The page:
The security of batsman and umpires have become premier in the ongoing scenario of cricket. Especially in the aftermath of the Phil Hughes’ untimely demise; the helmets became safer and even a protector was added to the back of the helmet to protect. The grille of the helmets has become sturdier with no option to adjust them.
Even umpires have started to wear helmets and wear protective shields on their hands in order to keep themselves safe from batsman’s straight hits as Bruce Oxenford does. However, one of the people on the field who do not have any protection from such brutal hits are the bowlers themselves and we have seen many injuries happen when the ball is hit back straight at the bowler, with worse being Keegan Meth losing his teeth after being hit on mouth.
Something similar happened during the ongoing Marsh Cup match between Queensland and New South Wales. The incident shows why even bowlers should wear helmets. As Mickey Edwards bowled a fuller delivery, Queensland batter Sam Heazlett decided to attack and hit the ball straight back at the bowler. Edwards was in his follow-through and had nowhere to go and was hit square in the head.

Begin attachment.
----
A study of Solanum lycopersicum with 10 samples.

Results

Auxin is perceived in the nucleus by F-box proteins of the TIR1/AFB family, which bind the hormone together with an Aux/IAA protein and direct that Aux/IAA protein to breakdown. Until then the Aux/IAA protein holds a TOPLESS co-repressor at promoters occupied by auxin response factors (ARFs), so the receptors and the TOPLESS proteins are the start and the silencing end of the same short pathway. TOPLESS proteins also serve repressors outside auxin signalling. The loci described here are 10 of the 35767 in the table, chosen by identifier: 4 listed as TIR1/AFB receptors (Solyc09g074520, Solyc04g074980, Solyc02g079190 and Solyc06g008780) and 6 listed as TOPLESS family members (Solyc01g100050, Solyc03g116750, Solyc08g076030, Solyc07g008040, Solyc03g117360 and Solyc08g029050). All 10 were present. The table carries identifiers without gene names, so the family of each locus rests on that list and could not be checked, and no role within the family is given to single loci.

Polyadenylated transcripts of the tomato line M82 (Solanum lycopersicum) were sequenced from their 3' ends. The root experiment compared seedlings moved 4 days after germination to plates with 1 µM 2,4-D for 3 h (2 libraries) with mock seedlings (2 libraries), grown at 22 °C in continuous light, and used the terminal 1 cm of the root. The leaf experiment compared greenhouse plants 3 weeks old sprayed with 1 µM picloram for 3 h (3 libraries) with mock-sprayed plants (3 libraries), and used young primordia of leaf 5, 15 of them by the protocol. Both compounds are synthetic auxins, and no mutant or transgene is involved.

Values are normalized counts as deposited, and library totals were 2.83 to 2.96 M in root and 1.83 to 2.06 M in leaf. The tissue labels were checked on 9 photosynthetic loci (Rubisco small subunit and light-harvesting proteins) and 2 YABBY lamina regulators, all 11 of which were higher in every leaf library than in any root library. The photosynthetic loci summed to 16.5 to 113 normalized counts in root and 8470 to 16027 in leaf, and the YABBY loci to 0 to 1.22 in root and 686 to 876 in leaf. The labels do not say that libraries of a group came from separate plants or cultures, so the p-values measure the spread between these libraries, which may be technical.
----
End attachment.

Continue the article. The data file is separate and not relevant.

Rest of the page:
The blow looked serious, but after a few moments, Mickey Edwards stood up rubbing his head where he was hit and walked back to his mark. Cricket.com.au shared the video of the incident which showed that Edwards actually had managed to put his hand up in front of his head and saved himself from serious injury.
Here is the video:
Thankfully, Mickey Edwards is OK after this scary moment at AB Field #MarshCup pic.twitter.com/lhuMm8lyjo
— cricket.com.au (@cricketcomau) September 22, 2019
About the match
NSW registered a healthy total of 305/5 against Queensland. Jack Edwards, the 19-year-old opening batsman was the top-scorer for the team with 84. Moises Henriques and Nicholas Bertus also stroked brilliant half-centuries. Heazlett scored a 57-ball 70 and the Ashes star Marnus Labuschagne hit 67 runs, as the two put up a partnership of more than 100 runs, as Queensland won the match easily.
Though not many bowlers have taken measures to protect themselves from such hits, Warren Barnes of Otago Volts was seen wearing a face protector in 2018, after being hit a few too many times on his head while bowling. Furthermore, it helps bowlers keep themselves safe as they usually drop their heads while completing their bowling action.